One morning, I awoke convinced that science was the only source of knowledge. I had developed a case of spontaneous scientism.
The first challenge I faced was deciding what to eat for breakfast. Muesli, or cornflakes? Which would be the more scientific choice? I decided to go on the internet to look up the nutritional value of the different cereals, to see which one would be healthiest.
My computer was off. So first I’d need to turn it on – but how? From past experience, I suspected that pressing the big green power button on the front would do it – but then I remembered, that’s merely anecdotal evidence. I needed scientific proof.
So I made a mental note to run a double-blind, randomized controlled trial of “turning my computer on” tomorrow.
Lacking nutritional data, I decided to pick a cereal by taste. I like muesli more than cornflakes. At last, a choice! Muesli it is, I thought – until I realized that I didn’t actually know which one I preferred more. I had a gut feeling I liked muesli, but that’s not science. What if, in fact, I hated muesli? Science couldn’t tell me, at least not yet.
Another mental note: conduct cereal taste preference study, day after tomorrow. No breakfast for me, today.
By now, I was hungry, confused and annoyed. “This is getting ridiculous!”, I tried to exclaim to no-one in particular – but then I realized – I could not even speak because I knew next to nothing scientific about the English language.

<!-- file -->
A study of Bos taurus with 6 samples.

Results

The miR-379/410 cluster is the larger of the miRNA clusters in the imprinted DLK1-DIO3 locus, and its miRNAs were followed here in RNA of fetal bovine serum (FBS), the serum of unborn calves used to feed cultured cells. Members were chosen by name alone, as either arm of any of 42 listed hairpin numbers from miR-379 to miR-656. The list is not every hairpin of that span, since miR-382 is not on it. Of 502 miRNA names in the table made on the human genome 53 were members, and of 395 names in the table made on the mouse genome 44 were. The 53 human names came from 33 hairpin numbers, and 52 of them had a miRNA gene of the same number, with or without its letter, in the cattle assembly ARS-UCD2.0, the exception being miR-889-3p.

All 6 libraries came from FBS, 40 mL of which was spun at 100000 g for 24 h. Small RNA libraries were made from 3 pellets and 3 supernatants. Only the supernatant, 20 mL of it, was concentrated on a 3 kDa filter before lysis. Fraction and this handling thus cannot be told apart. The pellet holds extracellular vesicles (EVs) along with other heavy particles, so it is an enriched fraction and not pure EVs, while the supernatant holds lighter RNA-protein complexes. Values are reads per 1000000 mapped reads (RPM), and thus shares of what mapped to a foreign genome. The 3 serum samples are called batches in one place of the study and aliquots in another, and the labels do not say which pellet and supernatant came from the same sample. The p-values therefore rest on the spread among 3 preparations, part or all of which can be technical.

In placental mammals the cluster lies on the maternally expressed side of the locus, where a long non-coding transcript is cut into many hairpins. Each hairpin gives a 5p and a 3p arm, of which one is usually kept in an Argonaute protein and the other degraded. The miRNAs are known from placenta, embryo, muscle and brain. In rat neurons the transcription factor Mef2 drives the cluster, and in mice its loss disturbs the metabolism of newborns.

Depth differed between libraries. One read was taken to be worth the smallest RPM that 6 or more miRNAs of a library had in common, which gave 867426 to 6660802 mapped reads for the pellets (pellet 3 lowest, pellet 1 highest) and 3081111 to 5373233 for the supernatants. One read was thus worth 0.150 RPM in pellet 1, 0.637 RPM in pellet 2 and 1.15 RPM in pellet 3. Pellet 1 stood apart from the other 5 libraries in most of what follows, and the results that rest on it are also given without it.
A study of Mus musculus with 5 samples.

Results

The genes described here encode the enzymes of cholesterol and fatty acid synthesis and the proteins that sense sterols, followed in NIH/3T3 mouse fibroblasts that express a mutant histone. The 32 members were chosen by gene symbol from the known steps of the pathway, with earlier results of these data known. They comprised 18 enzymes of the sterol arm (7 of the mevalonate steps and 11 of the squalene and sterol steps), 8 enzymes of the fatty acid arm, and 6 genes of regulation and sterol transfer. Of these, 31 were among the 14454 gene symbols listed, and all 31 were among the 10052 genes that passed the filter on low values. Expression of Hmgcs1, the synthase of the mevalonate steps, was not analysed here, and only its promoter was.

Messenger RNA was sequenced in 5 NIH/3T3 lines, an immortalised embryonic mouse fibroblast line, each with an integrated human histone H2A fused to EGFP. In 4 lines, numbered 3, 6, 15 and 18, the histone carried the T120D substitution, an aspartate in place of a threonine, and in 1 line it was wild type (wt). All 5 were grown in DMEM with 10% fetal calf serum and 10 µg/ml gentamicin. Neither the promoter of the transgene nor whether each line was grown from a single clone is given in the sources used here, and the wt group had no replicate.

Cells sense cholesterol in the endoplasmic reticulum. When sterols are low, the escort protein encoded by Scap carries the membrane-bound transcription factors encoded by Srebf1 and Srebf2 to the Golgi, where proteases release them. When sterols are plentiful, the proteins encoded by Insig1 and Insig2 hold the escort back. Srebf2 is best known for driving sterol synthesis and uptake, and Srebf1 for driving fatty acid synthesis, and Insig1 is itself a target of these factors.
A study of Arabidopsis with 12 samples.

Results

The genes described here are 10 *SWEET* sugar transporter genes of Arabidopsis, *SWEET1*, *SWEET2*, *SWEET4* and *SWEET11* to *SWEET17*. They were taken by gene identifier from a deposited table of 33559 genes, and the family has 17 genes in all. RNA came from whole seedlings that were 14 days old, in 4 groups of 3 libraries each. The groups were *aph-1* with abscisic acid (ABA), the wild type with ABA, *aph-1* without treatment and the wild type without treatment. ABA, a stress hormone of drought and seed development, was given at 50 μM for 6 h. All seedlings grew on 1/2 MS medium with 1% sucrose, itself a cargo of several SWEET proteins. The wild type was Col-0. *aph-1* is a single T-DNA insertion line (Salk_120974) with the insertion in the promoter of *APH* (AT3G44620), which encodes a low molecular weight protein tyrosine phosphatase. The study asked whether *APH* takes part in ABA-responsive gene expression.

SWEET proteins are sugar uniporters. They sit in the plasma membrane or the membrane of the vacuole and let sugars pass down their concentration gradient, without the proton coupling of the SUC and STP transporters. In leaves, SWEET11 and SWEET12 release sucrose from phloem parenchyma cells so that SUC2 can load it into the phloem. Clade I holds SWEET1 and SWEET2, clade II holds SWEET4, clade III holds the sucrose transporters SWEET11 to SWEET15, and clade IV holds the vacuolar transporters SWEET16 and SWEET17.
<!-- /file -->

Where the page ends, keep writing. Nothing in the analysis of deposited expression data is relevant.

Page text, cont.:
Sure, I had vague intuitions about how to put words together to express meaning, but that’s just unscientific hearsay that I’d picked up as a child (no better than a religion, really!) In order to communicate, I’d need to study some proper science about semantics and grammar… but, oh no, how could I even read that literature?
Faced with the impossibility of doing anything whatsoever purely guided by science, I decided to go back to bed… yet with no scientific basis for controlling my own muscles, I collapsed where I stood, bashing my head on the breakfast table as I fell.
Luckily, the bump on the noggin cured me of my strange obsession, and I lived to tell the tale.
It’s not, because it doesn’t exist – no-one believes that. If they did, they would end up like the unfortunate narrator in my story.
Everyday, we make use of many sources of information, from personal experience and learning to simply looking at things, whether they be right in front of your eyes or on TV. This is knowledge, and no-one thinks that we ought to replace it with “science”, if that were even possible.
“Scientism” is a fundamentally unhelpful concept. Scientists are often wrong, and sometimes they’re wrong about things that other non-scientists are right about. But each such case is different and must be judged on its own merits.